A Bristol Mills resident will appear on the MTV reality series “Catfish” at 10 p.m., Wednesday, Sept. 21 after photos from his social media accounts were taken and used to trick another person.
Zachary Miller, a 2010 graduate of Lincoln Academy, will appear in the season finale of the series.
Inspired by a 2010 documentary of the same name, the series follows hosts Nev Schulman and Max Joseph as they meet with people who have befriended or entered into a relationship with someone they have only communicated with online, but is not who they present themselves to be.
The name of the series comes from the term “catfishing,” which is when someone creates a fake profile or profiles on social media sites using photos of other people and claims to be someone other than themselves.
Miller was neither the perpetrator nor the victim of the catfishing situation featured in the episode, however, photos from his social media accounts were stolen and used to create a fake profile.
This wasn’t the first time someone had used Miller’s photos to create fake profiles. Miller currently has more than 11,000 followers on his Instagram account and more than 6,000 followers on his Twitter account, both of which are under the name Zac Miller.
Miller said he started gaining followers on his accounts, specifically Instagram, by creating an aesthetic or look for his account. One of the rules Miller has set for himself is that every other photo is a photo of him.
Miller said fake profiles with his photos have appeared on Twitter, Facebook, Grindr, and other social media platforms for the past four years. Followers of his accounts have alerted him when fraudulent accounts have popped up.
“The first time, it was kind of like, this is normal, I’ve heard that it happened to people before. But the second and third and the fourth time … it just kept happening,” Miller said.
People using Miller’s photos have created a variety of identities for themselves.
“I’ve been a personal trainer in California, a track coach in Florida, a farmer in Colorado, just a bunch of different things,” Miller said.
Miller said he stopped counting after the 50th time someone reported to him that his photos were being used for a fraudulent account. In one case, photos of Miller were being used on an account originating from Auckland, New Zealand.
A producer of “Catfish” reached out to Miller earlier this year about appearing on the show after a new fake profile had been using Miller’s photos in communications with a man named Andrew. Miller agreed to speak with Schulman and Joseph about his experience, and made it clear that this was not the first time this had happened to him.
“People are stealing photos of me and using them to create these profiles,” Miller said. “I would love to have verified accounts so that this doesn’t keep happening.”
“When (the producers) were talking to me about it, they were talking about this like it’s a normal thing, and it’s not,” Miller said. “I’m not angry, but this isn’t flattering that this happens.”
Schulman and Joseph interviewed Miller by video call about the experience. Miller also spoke with Andrew, the man who had been the victim of the catfish attempt.
Miller said prior to the interview, the person who had stolen the photos and created the fake profile had reached out to him to apologized for using the photos. By the time Miller was interviewed, the perpetrator had deleted the social media account he had used to contact Miller.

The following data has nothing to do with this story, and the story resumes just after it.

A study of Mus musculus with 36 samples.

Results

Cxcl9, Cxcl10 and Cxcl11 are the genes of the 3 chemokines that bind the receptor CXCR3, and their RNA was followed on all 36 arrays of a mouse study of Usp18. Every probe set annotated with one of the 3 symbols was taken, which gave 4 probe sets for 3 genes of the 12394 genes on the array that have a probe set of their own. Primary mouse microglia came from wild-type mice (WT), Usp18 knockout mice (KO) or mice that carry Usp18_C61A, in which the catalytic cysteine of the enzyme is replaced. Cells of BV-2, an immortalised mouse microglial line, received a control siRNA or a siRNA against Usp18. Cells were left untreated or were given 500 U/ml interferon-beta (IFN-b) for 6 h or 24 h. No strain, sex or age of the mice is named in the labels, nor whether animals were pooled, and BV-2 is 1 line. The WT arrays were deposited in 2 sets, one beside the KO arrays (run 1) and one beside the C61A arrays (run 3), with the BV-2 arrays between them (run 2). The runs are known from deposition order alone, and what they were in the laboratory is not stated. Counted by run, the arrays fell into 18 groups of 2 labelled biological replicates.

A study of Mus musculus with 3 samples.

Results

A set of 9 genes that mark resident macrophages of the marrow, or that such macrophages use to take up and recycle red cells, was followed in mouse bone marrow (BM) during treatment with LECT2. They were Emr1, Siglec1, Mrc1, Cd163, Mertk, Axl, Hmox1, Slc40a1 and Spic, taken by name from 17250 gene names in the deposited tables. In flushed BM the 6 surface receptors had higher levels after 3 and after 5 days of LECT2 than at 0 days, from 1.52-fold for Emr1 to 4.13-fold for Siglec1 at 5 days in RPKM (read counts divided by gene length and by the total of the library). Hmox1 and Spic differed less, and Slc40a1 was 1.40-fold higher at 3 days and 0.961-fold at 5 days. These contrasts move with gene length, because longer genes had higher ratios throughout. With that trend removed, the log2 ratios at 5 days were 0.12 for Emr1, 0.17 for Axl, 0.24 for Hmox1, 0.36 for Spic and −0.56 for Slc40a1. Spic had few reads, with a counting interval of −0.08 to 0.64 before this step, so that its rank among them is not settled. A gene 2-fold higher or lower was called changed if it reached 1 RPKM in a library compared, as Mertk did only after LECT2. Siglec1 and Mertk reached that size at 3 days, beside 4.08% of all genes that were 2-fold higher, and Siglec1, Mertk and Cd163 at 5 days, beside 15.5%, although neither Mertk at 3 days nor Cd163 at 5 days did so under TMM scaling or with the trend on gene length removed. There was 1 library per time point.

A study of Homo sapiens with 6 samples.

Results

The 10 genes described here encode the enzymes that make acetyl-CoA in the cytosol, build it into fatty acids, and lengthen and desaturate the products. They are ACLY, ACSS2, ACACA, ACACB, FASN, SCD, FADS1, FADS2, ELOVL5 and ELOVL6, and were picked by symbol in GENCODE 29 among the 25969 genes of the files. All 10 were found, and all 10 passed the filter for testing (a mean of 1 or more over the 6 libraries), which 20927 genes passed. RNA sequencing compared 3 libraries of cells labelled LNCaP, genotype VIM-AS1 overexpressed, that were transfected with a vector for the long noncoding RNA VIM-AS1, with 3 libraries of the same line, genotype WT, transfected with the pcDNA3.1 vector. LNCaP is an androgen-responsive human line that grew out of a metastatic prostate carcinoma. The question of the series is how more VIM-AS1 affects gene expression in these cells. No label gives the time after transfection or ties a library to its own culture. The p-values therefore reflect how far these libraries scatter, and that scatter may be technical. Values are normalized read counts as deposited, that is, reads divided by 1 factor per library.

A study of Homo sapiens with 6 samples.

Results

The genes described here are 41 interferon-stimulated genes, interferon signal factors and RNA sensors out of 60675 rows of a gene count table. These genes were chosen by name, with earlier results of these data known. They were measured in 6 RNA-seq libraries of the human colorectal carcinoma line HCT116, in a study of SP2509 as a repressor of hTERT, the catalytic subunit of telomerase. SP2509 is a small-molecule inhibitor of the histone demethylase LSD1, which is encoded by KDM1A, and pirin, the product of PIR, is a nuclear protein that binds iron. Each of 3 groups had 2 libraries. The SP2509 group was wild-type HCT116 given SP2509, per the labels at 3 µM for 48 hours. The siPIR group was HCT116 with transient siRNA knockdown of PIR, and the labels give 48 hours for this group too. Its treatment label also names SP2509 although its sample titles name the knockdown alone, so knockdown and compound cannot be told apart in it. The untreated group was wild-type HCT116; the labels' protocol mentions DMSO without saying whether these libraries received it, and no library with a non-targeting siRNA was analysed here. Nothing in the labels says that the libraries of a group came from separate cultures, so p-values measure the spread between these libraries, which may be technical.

Elizabeth Baker, a friend of Miller’s from his time at Earlham College in Indiana, was also interviewed for the show.
The episode was filmed in early summer. Due to a confidentiality agreement, Miller had to keep his involvement a secret from friends and family.
Miller attends the Savannah College of Art and Design in Savannah, Ga., where he is pursuing a Master of Fine Arts degree with an emphasis in photography. One of his professional goals is to photograph the 2020 Summer Olympics in Tokyo.
With all the excitement of preparing for graduate school, Miller said he almost forgot the episode was coming up until a friend told him MTV had released the preview for his episode.
“It still just doesn’t feel real, and I feel that it hasn’t really hit me yet,” Miller said. “It probably will when the episode airs, because it will be on national TV and people will be watching it through reruns in the upcoming months.”
Miller has not seen the final cut of the episode, but he said he does have some apprehension about how he might be portrayed in the episode.
“I understand that MTV has to sell every episode to the public, but I want to make sure I’m portrayed accurately,” Miller said.
Miller said he looks forward to seeing what new opportunities appearing on the show will provide in the future.
In 2015, Miller was named the sexiest man in Maine by Tinder, a mobile app in which users indicate their interest in a person by swiping his or her photo to the right.
Miller was the most right-swiped man in Maine, and was included in People Magazine’s Sexiest Man Alive issue in 2015.
After his appearance in the magazine, Miller was interviewed by the radio station WJBQ 97.9 and appeared in a video advocating for animal adoption for the Kennebec Valley Humane Society in Augusta. Many of the animals, including a pit bull who had been living at the shelter for five months, were adopted as a result of the video, Miller said.
“Being able to do something like that was amazing,” Miller said. “I’m interested to see what this brings.”
For more information about Miller, go to zacmillerphotography.com.